Madagascar’s wetlands are in a ‘profound’ state of decline, according to a study by WWT and Durrell published in the journal PLOS ONE. The findings reveal that without intervention, wetland habitats and wildlife in Madagascar could be lost for good.
The island’s famous rainforests and lemurs are familiar from natural history programmes and Hollywood animations. As such, conservation projects have focused almost entirely on woodlands and the country’s vast wetland systems, with their distinctive wetlands, have been overlooked. Until recently no wetland areas on the island were officially protected, and the study - the first of its kind - suggests that what protection is now in place may not be enough to reverse the damage.
The researchers warn that this could have devastating consequences for the country, which is one of the poorest in the world. More than half of Madagascar’s population takes drinking water directly from rivers and lakes, which also supplies most of the county’s staple foodstuffs such as rice. The paper strongly links human disturbance with the loss of biodiversity.
Dr Andrew Bamford, one of the authors of the paper and based at WWT Slimbridge, said:
“It’s very concerning. The data revealed high levels of wetland destruction across Madagascar. In total 82% of marsh at the sample sites had been cleared for agriculture".
“Freshwater ecosystems are the most threatened major habitat type globally. Despite this, conservation research and investment in freshwater habitats are disproportionately low, with tropical wetlands particularly vulnerable to overexploitation due to relatively high levels of poverty in much of the region.”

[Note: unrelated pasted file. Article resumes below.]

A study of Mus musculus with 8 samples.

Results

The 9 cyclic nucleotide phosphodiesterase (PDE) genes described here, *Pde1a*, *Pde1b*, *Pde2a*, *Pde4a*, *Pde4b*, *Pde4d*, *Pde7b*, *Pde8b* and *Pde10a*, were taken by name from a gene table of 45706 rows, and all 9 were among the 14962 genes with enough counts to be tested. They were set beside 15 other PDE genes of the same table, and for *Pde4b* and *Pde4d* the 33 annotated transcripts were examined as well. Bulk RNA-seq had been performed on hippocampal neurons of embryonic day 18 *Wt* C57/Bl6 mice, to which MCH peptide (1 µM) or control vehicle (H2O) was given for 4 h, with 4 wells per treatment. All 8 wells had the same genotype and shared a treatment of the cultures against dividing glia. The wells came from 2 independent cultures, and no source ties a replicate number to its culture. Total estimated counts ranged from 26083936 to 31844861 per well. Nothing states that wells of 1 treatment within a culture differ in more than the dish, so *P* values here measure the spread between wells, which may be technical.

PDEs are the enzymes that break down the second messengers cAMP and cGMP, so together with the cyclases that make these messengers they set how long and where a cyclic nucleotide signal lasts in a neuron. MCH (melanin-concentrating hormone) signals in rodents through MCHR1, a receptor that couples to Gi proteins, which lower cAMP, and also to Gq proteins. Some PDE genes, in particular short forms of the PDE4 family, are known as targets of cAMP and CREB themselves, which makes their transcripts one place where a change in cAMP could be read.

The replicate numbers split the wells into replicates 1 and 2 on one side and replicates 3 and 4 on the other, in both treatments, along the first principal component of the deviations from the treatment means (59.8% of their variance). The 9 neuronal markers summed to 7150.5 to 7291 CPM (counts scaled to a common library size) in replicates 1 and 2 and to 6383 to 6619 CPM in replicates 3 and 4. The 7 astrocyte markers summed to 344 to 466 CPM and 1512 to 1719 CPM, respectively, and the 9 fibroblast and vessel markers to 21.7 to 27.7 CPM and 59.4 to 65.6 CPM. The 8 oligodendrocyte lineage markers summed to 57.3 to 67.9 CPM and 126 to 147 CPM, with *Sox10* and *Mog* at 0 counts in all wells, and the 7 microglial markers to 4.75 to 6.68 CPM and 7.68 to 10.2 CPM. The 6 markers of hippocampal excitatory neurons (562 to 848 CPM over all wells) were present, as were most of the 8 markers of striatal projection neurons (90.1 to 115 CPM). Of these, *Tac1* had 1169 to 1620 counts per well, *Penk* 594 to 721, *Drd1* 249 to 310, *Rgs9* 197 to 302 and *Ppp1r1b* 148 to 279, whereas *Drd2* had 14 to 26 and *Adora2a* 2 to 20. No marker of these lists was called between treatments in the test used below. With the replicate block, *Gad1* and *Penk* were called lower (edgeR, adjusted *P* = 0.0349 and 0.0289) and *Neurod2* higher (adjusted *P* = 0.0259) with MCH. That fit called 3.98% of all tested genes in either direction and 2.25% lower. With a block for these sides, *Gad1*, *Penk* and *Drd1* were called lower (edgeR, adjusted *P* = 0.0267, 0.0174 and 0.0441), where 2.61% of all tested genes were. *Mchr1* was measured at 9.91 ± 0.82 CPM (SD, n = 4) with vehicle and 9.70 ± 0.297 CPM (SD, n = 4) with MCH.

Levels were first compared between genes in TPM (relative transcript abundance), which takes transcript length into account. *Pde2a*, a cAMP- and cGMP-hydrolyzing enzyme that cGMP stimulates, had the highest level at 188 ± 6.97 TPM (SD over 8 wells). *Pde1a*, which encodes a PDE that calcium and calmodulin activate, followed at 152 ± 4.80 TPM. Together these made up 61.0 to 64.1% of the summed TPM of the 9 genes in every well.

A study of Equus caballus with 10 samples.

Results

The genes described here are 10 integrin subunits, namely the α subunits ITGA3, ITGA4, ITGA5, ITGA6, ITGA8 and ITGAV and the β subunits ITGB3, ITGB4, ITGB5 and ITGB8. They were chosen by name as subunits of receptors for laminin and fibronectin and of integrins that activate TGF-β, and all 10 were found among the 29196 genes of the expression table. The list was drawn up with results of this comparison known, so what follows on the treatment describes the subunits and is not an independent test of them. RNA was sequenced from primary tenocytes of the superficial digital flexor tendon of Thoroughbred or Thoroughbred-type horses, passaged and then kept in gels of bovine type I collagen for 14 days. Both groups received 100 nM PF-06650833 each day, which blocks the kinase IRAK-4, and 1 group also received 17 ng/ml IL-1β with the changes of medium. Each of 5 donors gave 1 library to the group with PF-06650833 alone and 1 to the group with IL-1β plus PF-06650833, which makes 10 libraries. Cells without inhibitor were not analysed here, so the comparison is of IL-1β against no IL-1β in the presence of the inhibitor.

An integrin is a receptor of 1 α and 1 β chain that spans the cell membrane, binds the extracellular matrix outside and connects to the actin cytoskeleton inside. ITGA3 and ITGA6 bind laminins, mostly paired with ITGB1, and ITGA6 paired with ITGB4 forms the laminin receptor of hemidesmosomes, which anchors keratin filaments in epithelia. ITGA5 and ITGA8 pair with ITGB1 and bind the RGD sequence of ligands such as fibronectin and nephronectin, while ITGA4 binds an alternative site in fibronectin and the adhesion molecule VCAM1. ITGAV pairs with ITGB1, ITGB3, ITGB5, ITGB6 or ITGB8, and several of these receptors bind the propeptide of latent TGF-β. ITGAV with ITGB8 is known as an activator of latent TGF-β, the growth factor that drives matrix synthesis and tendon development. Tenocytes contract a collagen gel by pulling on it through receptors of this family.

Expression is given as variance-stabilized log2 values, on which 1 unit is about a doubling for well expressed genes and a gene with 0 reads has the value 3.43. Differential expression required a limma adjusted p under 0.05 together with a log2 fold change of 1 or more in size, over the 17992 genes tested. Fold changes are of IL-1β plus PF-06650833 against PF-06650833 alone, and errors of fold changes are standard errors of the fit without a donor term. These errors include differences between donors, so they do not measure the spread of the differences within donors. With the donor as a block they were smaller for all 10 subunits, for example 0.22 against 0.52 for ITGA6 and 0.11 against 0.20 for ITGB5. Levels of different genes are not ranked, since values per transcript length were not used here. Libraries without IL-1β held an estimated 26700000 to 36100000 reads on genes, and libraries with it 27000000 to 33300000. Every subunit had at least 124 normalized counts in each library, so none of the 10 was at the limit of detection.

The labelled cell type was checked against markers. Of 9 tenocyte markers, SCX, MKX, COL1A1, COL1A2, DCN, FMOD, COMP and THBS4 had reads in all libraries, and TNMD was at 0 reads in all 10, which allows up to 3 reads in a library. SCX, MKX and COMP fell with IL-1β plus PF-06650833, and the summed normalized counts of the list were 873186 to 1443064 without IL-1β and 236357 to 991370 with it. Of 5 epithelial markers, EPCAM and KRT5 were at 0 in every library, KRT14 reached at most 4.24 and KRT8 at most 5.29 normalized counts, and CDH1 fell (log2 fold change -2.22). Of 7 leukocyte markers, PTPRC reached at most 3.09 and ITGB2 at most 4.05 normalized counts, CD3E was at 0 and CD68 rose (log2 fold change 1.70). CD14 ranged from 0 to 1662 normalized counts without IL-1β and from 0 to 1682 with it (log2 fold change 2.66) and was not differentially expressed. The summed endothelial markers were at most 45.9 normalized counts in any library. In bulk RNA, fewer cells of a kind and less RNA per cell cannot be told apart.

The research team visited 37 lakes during the study, using the presence of water birds and benthic invertebrates as indicators of the health of the wetland ecosystems. They showed that presence of these indicators was related to human disturbance levels, but found very few lakes free of human disruption.
Dr Richard Young, Head of Conservation Science for Durrell Wildlife Conservation Trust said:
“The widespread degradation of Madagascar’s wetlands has severely impacted freshwater biodiversity but also local people that rely on now diminishing fisheries, flood regulation and clean water".
“In the short-term, we need to work with local communities to reduce threats to these lakes and marshes. Over the longer term, we must identify how to restore these once magnificent and diverse wetlands”.
The main threats to wetlands globally are habitat destruction and degradation, invasive species and pollution.
The paper concludes that further research is needed to help decide what efforts will most benefit wildlife, and until then, conservationists must support local people and the national government to reduce the impact of farming and fishing.
WWT and Durrell are currently taking this approach in Lake Sofia in Madagascar, where conservationists are working with local communities to improve all aspects of wetland management, with the aim of improving conditions for wildlife and the people who live there. They are also working with the government to produce official guidance on wetland management.